This theme is used in conjunction with the motif of appearance versus reality to criticize further the “single green light, minute and far away” 25 that many Americans have strived for: financial success, fame, power and glory. Fitzgerald masterfully uses the character Gatsby to show the illusion that is the American Dream that, in reality, is an extremely corrupt and greedy practice during the extravagant and flagrant era of the 1920’s.

Primarily, Fitzgerald uses Gatsby to show the corruption and the greed that consumes and destroys the followers of the Dream. When Gatsby realizes that he is not able to be with Daisy in his youth because of his social class, he decides to pave his own way by climbing to her social class. Formerly James Gatz, “he [invents] the sort of Jay Gatsby that a seventeen-year-old boy would be likely to invent, and to this conception he was faithful to the end” 95, beginning his search for a higher social class. Gatsby is willing to give up the institution of family and his heritage in order to gain monetary wealth like many of the immigrants coming over to America to make a living.

This vice of Gatsby’s assist the reader’s negative view towards the main character and further criticizes the idea of the American Dream, because of the priority of money over family values. After his departure from Cody, Gatsby earns his money from obviously crooked proceedings. Even with his crimes not being known, it can be assumed that he is a villain and breaks existing laws. This can be seen when his party guests speculate over whether he “killed a man” or if “he was a German spy in the war” 47. This corrupt portrayal of Gatsby is confirmed later in the story through the shady character of Meyer Wolfsheim, the Jewish ‘gambler’ with cufflinks made from the “finest specimens of human molars” 70, showing yet again the corruption that Gatsby uses to gain his wealth; whereas The Dream advocates hard work to gain your success and wealth.

Although Gatsby himself is a very disillusioned man, Fitzgerald also expresses his loathing toward the American Dream by what Gatsby is actually chasing, Daisy. After Gatsby recounts to Nick his story of past times with Daisy, Nick responds to a motivated Gatsby by declaring that one cannot repeat the past, as Gatsby is trying to do. Disillusioned, Gatsby defends his actions when he says “can’t repeat the past?… of course you can”, attempting to counter Nick’s statement. Through this quote, Fitzgerald reveals the impossibility of the American Dream, which for Gatsby, is Daisy. The followers of the Dream are mislead and will never realize their goal, the same way as Gatsby cannot repeat his past times with his dream. Later, at one of the climactic sections of the book, Daisy is forced to choose between Tom and Jay.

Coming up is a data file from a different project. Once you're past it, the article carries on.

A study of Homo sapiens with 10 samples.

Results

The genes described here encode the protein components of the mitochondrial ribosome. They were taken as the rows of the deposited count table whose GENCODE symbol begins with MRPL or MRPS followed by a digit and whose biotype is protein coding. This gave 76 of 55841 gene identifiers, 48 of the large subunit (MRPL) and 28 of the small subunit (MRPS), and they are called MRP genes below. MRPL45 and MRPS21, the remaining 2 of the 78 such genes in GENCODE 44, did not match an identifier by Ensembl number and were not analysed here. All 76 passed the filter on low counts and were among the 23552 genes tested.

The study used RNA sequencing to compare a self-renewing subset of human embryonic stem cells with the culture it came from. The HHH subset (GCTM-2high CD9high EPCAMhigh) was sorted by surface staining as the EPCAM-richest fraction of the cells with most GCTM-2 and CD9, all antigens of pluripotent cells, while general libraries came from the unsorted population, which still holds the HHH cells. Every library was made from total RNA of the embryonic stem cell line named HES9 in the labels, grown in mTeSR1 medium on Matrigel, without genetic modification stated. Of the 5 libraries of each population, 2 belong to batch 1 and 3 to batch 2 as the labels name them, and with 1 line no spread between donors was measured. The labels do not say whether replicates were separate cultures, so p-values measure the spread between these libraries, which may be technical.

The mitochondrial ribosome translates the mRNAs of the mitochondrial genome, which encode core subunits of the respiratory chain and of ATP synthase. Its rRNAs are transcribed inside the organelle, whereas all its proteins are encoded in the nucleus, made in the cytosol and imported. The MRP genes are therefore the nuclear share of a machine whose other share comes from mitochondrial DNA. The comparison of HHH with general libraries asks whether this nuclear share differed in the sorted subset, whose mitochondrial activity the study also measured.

Eventually she states, that she “did love him once- but she loved [Tom] too” 126, and eventually choosing to flee Long Island with Tom. Through her actions, Fitzgerald shows the fleeting American Dream, the dreamer never achieving his goal, just as Gatsby never claims Daisy for his own. Daisies voice is highly significant in displaying the corrupt value of the Dream, which is solely based on gaining material goods and nothing else. After meeting Daisy at Nicks house, Nick observes how her “voice held him most, with its fluctuating feverish warmth, because it could not be over-dreamed- that voice was a deathless song” 93. Daisy’s voice here entrances Gatsby, and is the one thing that Gatsby will never stop loving about her.

Fitzgerald is probably alluding to the sirens, the ancient mythical creatures that sang sailors to their deaths by captivating them with their magical voices; and thus giving a highly critical view to Daisy and her “deathless” voice. Further on in the novel, Nick realizes what it is about Daisy’s voice that fascinates Gatsby so much. “It [is] full of money-that [is] the inexhaustible charm” 115 that draws Gatsby closer to her, that is her power over him. Gatsby is entranced by material goods, like much of the population during the prosperous twenties, and Fitzgerald uses these quotes to exploit the defects of greed and materialism in his character.

By developing Gatsby and his goals, Fitzgerald exposes the fantasy of the American Dream and the corruption within it. Even though millions of immigrants came to America in pursuit of economic wealth, to turn their ‘rags to riches’, nearly none of them succeeded in achieving the Dream that so many sought. The Dream is truly a dream, something that one would think of subconsciously when asleep. Monetary wealth is never gained easily and as Fitzgerald demonstrates, requires corrupt means to achieve, completely destroying the illusion that is the American Dream, “the green light, the orgastic future that year by year recedes before us. It eluded us then, but that’s no matter—tomorrow we will run faster, stretch out our arms farther. . . . And then one fine morning— So we beat on, boats against the current, borne back ceaselessly into the [unreachable] past” 171.